Tunisians head to the polls Monday to vote on a new constitution — a controversial initiative spearheaded by Tunisian President Kais Saied that critics say will formalize his power grab and reverse hard-won democratic gains in the North African nation.
Saied has urged Tunisians to back the proposal, despite electoral standards requiring that he remain neutral. The vote will be supervised by the Independent High Authority for Elections, whose members he appointed.
Magistrate Ahmed Souab, the constitution represents a “danger for democracy” because it does not guarantee a clear balance of powers and gives more prerogatives to Saied than those held by previous Tunisian strongmen.
Numerous civil society groups have rejected the new constitution. The Tunisian non-governmental group Al Bawsala says the new constitution would lead to a monopolization of power that would threaten every citizen’s rights and freedoms.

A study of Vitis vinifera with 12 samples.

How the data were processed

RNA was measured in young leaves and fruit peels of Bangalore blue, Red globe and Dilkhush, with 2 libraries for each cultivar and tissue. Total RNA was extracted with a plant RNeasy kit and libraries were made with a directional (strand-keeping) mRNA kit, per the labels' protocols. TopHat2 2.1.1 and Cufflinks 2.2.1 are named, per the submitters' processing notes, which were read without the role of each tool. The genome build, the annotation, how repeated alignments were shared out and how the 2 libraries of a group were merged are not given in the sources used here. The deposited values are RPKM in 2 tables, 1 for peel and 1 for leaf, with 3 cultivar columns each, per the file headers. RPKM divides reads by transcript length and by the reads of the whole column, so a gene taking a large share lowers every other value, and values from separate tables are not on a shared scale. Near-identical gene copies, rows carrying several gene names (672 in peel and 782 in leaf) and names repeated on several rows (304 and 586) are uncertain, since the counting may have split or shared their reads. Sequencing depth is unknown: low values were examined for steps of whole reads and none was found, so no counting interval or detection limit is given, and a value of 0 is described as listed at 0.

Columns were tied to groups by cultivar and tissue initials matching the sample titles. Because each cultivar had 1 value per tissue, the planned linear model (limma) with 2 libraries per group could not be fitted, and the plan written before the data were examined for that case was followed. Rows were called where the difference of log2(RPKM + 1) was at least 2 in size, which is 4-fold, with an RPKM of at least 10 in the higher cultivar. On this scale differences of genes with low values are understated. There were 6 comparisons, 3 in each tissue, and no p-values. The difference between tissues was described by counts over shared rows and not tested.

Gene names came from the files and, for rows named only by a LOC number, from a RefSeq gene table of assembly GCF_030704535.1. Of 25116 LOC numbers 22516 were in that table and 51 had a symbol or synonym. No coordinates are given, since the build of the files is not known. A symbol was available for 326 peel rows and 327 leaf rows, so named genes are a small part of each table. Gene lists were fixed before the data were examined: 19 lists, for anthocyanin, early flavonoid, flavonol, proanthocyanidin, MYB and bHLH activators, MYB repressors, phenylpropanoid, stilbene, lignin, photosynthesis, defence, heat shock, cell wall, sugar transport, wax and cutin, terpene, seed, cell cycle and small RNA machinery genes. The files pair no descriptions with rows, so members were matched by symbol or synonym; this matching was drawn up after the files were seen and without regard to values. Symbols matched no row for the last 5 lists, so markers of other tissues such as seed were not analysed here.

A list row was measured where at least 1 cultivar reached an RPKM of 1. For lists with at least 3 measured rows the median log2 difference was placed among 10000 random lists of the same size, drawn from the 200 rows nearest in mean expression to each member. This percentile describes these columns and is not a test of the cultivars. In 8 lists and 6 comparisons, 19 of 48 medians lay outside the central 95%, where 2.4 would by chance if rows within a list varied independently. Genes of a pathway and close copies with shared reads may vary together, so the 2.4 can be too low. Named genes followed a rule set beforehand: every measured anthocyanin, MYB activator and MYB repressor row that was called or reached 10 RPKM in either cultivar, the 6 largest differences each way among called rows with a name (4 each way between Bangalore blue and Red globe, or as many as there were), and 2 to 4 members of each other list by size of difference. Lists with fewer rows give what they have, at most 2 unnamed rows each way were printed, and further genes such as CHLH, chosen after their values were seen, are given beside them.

Benzid believes Saied is relying on the widespread discontent caused by the mismanagement of public affairs in the decade since Tunisia’s revolution.
The proposed constitution has split Tunisia’s opposition. Only one party, Afek Tounes, has said it will vote against the proposal. Most political parties, including Tunisia’s influential Islamist party Ennahdha, say they plan to boycott Monday’s referendum so as not to legitimize the process.
“We refuse to go to the funeral of democracy,” said Republican Party leader Issam Chebbi, adding that he considers “the absolute personal power” that Saied wants to grant himself “worse than that of Ben Ali.”
Tunisian activist Henda Fellah tweeted Sunday that she had decided to boycott the vote, saying the text is built on a flawed foundation and that its violations of electoral law were “countless.”
“This would be the first time I’m not voting since 2011,” Fellah said.
Many observers expect low voter turnout for the referendum, highlighting Tunisians’ disenchantment with politics and their daily struggles coping with rising inflation.
The preliminary results are expected to be announced by Wednesday, with a final result on Aug. 28.